Home / Sections / G-Mail / In Memoriam: An Open Letter To My Brother Arsenio Boyet Pascual IV (March 27, 1958-April 30, 2020)

In Memoriam: An Open Letter To My Brother Arsenio Boyet Pascual IV (March 27, 1958-April 30, 2020)


By: Maria Girlie Pascual


My brother Boyet, or “Diko” as I used to call him, was brother and sibling number two amongst my parents’ brood of six children, I being the third and only girl growing up in the small town of Malabon Rizal, where my father, Dr.Arsenio Cruz Pascual Jr. and his family, were from. My mom, Teresita Lorenzo Pascual was a “Manilena” with roots from Obando, Bulacan, where both of her parents were from, but grew up in the second district of Manila, in a sector of Blumentritt, close to Dimasalang and North Cemetery where they are now all laid to rest.

Boyet was the gifted one. Without a doubt, he showed the most promise of all of us. The eldest, “Docboy”, Arsenio Boy Pascual 111 was the favorite, I was the only girl, and the rest of the boys, all “Arsenio’s” were Brent the fifth, Bently the sixth and AA the seventh. Thank God I was not assigned a numerical value, but that’s another story. We were all born at the University of Santo Tomas Hospital where my father was a medical intern at that time, and where he graduated as a doctor, and were all baptized a the San Roque Church in Manila, not too far from where my mom grew up. We all stayed in Malabon Rizal, in my grandparents’ imposing Spanish style mansion by the river, on a 2 hectare property with a mini golf putting green, a grape vineyard, a custom ferris wheel and room to roam amongst the “langka” or jackfruit trees and play surrounded by local turkeys under the watchful eye of my grandfather’s German Shepherd. This is where we learned to play all kinds of sports–basketball, softball, bowling, learned how to bike, to fish, to play hide and seek in the dark and light of day, an ideal place to hone our skills and bond with each other and our cousins.

We moved to Caloocan in the 70’s when my parents had a house built at the University Hills Subdivision, and it was there that we became teenagers and faced the crossroads of adulthood. This was where, I believe, we lost our brother Boyet. He was a skilled illustrator, taking that skill, applying to, and getting accepted to the University of the Philippines in Baguio, school of Engineering. He transferred to the Diliman, Quezon City campus on his second year,switching to Architecture, but by that time, he was far into using drugs, alcohol and marijuana, a journey that began at the San Beda High School campus in Mendiola. We all thought it was a habit he would kick eventually, but sad to say, it practically ruled his life. Unbeknownst to my parents, as his siblings, we suspected it but never dared tell our elders. We were all young and busy with our own lives that we thought Boyet will surely beat his drug addiction since he aced everything in college. He graduated with a degree in Architecture at the top of his class, passed his government exam to practice his profession handily, and was always going for the next big deal with great ideas and a talent for the pitch. Sadly, his drug habits got worse, and this ended his career, his marriage, and ultimately, his life.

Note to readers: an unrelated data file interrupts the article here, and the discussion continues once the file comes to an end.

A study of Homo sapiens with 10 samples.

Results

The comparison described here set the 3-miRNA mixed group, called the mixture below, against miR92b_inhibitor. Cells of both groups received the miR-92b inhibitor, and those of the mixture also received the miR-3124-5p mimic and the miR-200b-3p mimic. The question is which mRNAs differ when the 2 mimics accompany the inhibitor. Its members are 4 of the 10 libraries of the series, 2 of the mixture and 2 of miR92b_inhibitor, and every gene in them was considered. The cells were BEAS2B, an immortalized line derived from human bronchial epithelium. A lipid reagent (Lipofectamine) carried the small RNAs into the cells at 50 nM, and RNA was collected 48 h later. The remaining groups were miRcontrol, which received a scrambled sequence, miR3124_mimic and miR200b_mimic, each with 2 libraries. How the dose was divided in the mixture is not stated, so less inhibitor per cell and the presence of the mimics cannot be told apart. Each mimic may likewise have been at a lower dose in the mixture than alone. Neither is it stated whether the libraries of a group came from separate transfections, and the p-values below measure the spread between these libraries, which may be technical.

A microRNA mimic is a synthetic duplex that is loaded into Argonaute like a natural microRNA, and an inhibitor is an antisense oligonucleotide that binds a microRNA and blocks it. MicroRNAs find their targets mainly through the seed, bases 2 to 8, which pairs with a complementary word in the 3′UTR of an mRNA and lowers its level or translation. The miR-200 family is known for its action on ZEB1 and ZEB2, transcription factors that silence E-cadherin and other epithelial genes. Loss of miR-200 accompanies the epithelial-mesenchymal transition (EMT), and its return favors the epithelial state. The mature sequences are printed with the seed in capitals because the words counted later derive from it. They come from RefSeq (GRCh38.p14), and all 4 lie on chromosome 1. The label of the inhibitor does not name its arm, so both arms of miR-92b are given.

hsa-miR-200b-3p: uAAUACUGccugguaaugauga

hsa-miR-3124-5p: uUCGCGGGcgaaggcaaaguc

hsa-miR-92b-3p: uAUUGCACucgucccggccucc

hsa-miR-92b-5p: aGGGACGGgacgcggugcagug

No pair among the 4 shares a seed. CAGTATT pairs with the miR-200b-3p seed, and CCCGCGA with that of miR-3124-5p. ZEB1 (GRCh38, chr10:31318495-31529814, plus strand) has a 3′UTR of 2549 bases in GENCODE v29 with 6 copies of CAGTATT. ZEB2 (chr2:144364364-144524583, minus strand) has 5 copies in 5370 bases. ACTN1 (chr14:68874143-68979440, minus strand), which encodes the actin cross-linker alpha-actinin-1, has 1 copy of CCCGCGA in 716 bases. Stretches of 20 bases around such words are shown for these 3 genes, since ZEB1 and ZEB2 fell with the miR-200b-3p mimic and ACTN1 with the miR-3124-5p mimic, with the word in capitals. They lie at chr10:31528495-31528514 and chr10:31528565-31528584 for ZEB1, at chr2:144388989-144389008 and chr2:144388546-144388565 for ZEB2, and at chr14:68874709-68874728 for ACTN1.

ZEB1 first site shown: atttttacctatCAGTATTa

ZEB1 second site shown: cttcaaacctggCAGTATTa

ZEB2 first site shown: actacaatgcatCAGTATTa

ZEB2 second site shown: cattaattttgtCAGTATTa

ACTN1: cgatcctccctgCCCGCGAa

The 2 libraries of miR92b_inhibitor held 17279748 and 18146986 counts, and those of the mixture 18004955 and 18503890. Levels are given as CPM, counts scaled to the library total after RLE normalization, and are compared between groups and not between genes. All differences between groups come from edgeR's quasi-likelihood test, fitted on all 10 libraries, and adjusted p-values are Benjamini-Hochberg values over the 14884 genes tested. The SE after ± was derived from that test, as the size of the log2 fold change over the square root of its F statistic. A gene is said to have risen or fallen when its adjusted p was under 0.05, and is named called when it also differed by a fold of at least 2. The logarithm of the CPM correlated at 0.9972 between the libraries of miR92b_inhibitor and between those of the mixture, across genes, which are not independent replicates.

Boyet was an artist, a philosopher, a composer and an accomplished musician, an imaginative architect. He can play piano and guitar like it was an extension of himself, effortless and natural with his musical skills as he is with walking and talking. He had a lot of friends, was known and well respected in San Beda, easily formed friendships while he was in UP Baguio and DIliman, and everyone seemed to remember him for his innate intelligence, stature, and sadly, for his drug demons too.

Dear Diko: First and foremost, we are so sorry we cannot be there when you took your last breath, and I can only imagine how heart wrenching and lonely it was for you, as it is for us now, when we think about how you must have felt all alone when you passed. Know that you will be remembered for your talent and humor, your genius and your strength as we promise to be there for your sons, Zenas and Zap. ALthough our relationship with you has not been easy, we know that reuniting with our parents on the other side may just be the homecoming that you may have been searching for, and never found on this earth. Rest assured that we will pray for you, remember you with fondness and love, and miss you as the sibling we know God gave our family as a blessing, a reminder that life is fleeting. and that we will all leave a mark with those we have come across in our lives.

Finally, travel well and rest my dear brother. We hope that you are at peace meeting your Maker, and being reunited with family and friends in the eternal garden of the Lord.